Environmentalists are hoping that a trial, due to begin October 29, will explain to the public how the government has known for decades about the dangers of fossil fuels but failed to act on this knowledge.




The lawsuit would expand the doctrine of public trust–which is normally reserved for resources like land and water–to the atmosphere.


In August of 2015, lawyers representing 21 young people, aged 8 to 19, filed an ambitious lawsuit in a U.S. District Court in Oregon. They argued that the federal government, by allowing and encouraging fossil fuel emissions, had violated “fundamental constitutional rights to life, liberty and prosperity”–a burden that would fall heaviest on coming generations.

The lawsuit, spearheaded by Our Children’s Trust, a Eugene-based environmental organization, seeks to force the government to phase out fossil fuel emissions. In response, the Obama administration filed a motion to dismiss, as did representatives of the fossil fuel industry, including the American Petroleum Institute. Both motions were denied. In 2017, the new Trump administration took the rare step of petitioning for a “writ of mandamus” to ask that a higher court—in this case, the Ninth Circuit Court of Appeals—order the District Court to dismiss the case. That petition was rejected in March, and a second petition was rejected in July, setting the stage for what promises be a monumental trial that will begin October 29.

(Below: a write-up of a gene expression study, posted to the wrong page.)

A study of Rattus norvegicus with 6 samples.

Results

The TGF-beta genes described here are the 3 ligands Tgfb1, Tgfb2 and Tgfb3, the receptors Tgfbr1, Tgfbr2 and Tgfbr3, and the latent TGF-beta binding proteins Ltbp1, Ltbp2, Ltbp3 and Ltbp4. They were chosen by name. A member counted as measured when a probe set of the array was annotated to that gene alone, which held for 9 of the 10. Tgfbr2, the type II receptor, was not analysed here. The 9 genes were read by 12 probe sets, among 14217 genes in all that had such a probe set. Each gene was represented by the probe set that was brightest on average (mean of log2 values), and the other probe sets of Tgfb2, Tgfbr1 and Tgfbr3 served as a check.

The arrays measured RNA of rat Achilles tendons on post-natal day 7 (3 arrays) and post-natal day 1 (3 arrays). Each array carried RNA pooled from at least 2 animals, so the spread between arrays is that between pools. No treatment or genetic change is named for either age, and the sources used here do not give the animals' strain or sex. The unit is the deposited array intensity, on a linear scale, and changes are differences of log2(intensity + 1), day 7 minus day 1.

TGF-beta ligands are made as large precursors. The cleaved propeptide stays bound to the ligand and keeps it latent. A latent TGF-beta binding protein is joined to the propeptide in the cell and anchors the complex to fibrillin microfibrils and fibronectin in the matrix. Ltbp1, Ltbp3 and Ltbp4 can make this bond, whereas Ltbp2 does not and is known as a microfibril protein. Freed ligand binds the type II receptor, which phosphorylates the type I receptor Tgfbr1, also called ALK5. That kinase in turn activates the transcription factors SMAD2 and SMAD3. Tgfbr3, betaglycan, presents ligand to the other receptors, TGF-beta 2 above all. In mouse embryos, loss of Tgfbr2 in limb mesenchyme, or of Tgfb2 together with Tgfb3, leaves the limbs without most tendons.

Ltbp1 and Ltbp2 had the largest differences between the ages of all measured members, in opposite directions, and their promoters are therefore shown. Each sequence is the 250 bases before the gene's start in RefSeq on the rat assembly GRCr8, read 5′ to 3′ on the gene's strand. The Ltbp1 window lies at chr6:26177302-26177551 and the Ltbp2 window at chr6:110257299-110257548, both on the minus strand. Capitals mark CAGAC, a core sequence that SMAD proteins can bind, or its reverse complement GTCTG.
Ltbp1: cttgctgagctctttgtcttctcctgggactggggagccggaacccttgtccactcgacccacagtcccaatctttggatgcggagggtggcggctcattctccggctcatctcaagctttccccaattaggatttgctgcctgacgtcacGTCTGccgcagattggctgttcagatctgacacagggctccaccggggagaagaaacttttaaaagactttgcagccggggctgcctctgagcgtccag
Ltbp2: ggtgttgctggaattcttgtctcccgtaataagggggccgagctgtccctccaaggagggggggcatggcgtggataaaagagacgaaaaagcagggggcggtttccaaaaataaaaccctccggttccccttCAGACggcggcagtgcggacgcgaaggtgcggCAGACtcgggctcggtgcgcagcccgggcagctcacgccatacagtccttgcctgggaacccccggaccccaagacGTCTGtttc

The case, Juliana v. U.S., takes its name from lead plaintiff Kelsey Juliana, a 22-year-old University of Oregon student who once marched 1,600 miles from Nebraska to Washington, DC to demand action on climate change. When she was 15, Juliana co-filed a separate lawsuit, also supported by Our Children’s Trust, against Oregon’s governor that sought the creation of a climate emissions reduction plan. In 2015, an Oregon Circuit Court ruled against Juliana and Our Children’s Trust; they have appealed the decision.

Our Children’s Trust has pending legal actions in nine states on behalf of youth plaintiffs.

At the center of these lawsuits is the concept of the public trust doctrine, which posits that the government has a duty to protect the natural resources that a society needs to survive. But these suits add a twist by expanding the doctrine–which is normally reserved for resources like land and water–to the atmosphere, based on a theory pioneered by University of Oregon law professor Mary Wood.

The legal outcome of the trial is impossible to predict, but advocates for stronger climate action, like professor Wood, are excited about the opportunity the trial presents to explain to the public how the government has known for decades about the dangers of fossil fuels but allegedly failed to act on this knowledge. In a 1965 address to Congress, for example, President Lyndon Johnson said, “This generation has altered the composition of the atmosphere on a global scale through…a steady increase in carbon dioxide from the burning of fossil fuels.”

“It is of paramount importance that the American public understand what government’s role is in causing the climate catastrophe,” Wood said in a recent interview with 350 Eugene. “Because if the American public doesn’t understand how it is caused, it won’t take action towards a solution.”

Jacob Lebel, another of the youth plaintiffs, grew up on a farm in Oregon. “Years from now, Trump and his cabinet—they won’t be the ones dealing with starvation and refugees and resource wars and all that stuff,” Lebel told KQED last year. “We’re the ones who are gonna be dealing with that. As young people, we think about that every single day.”